A Treatable Condition Misdiagnosed as Alzheimer’s

I came across an article1 in Parade magazine that motivated this post. There is a condition, Normal Pressure Hydrocephalus (NPH), that is frequently misdiagnosed as Alzheimer’s, Parkinson’s, or Creutzfeldt-Jakob disease. Worse yet, sometimes it is attributable to aging. This is a tragedy because NPH is treatable. The most distinguishing feature of NPH is a disturbed gait while walking. Memory losses and a loss of bladder control are other symptoms. These symptoms occur gradually. NPH occurs when the cerebrospinal fluid (CSF) surrounding the brain fails to be reabsorbed. Treatment for NPH involves the surgical implantation of a shunt in the brain to drain excess CSF into the abdomen where it can be reabsorbed.

Although this disease can occur at any age, it is more prevalent in the elderly. The Hydrocephalus Association estimates that at least 350,000 Americans, and 5 percent of people with dementia, have the condition. Mark Luciano, M.D., the director at Cleveland Clinic says that about 30 percent of his NPH patients were originally told that they had Alzheimer’s or Parkinson’s.

In the case of Jimmy Nowell that was discussed in the Parade article, one specialist diagnosed his condition as Parkinson’s. Another specialist diagnosed it as Alzheimer’s. Had Nowell and his wife stopped at this point, his conditioned would have worsened until he died. Unless an autopsy had been taken, everyone would have thought he had died of Alzheimer’s. If an autopsy had been done they would have discovered that the distinctive plaque and neurofibril tangles were missing and would have been pondering as to what killed him. Fortunately they found a neurologist who correctly diagnosed the condition when he took an MRI and compared it to an MRI taken several years earlier. His treatment was successful.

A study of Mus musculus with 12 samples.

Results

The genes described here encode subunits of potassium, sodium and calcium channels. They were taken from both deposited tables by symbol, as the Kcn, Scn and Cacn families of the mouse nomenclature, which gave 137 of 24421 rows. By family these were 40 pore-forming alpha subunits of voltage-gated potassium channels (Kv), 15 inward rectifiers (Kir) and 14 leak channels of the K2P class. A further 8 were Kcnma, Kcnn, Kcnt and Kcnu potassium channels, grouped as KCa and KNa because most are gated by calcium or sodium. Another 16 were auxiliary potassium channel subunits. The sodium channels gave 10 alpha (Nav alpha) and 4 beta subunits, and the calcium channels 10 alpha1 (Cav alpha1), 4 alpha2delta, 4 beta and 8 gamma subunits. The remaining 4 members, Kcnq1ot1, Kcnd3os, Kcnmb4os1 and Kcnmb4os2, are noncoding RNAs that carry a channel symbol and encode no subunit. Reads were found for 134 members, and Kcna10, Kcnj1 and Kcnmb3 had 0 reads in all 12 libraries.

I confess my ignorance of NPH until reading the Parade article. I had mistakenly thought that I was fairly familiar with the literature in the Alzheimer’s area. Unfortunately, I am not alone in my ignorance as it is apparently shared by too many in the medical community. Please spread the word regarding NPH, so that people suffering from the condition mistakenly think they have or are misdiagnosed with another condition. NPH is a condition that can be successfully treated.


1Chen, J. (2012). What If Grandpa Doesn’t Really Have Alzheimer’s? Parade, November 11, p.22

© Douglas Griffith and healthymemory.wordpress.com, 2012. Unauthorized use and/or duplication of this material without express and written permission from this blog’s author and/or owner is strictly prohibited. Excerpts and links may be used, provided that full and clear credit is given to Douglas Griffith and healthymemory.wordpress.com with appropriate and specific direction to the original content.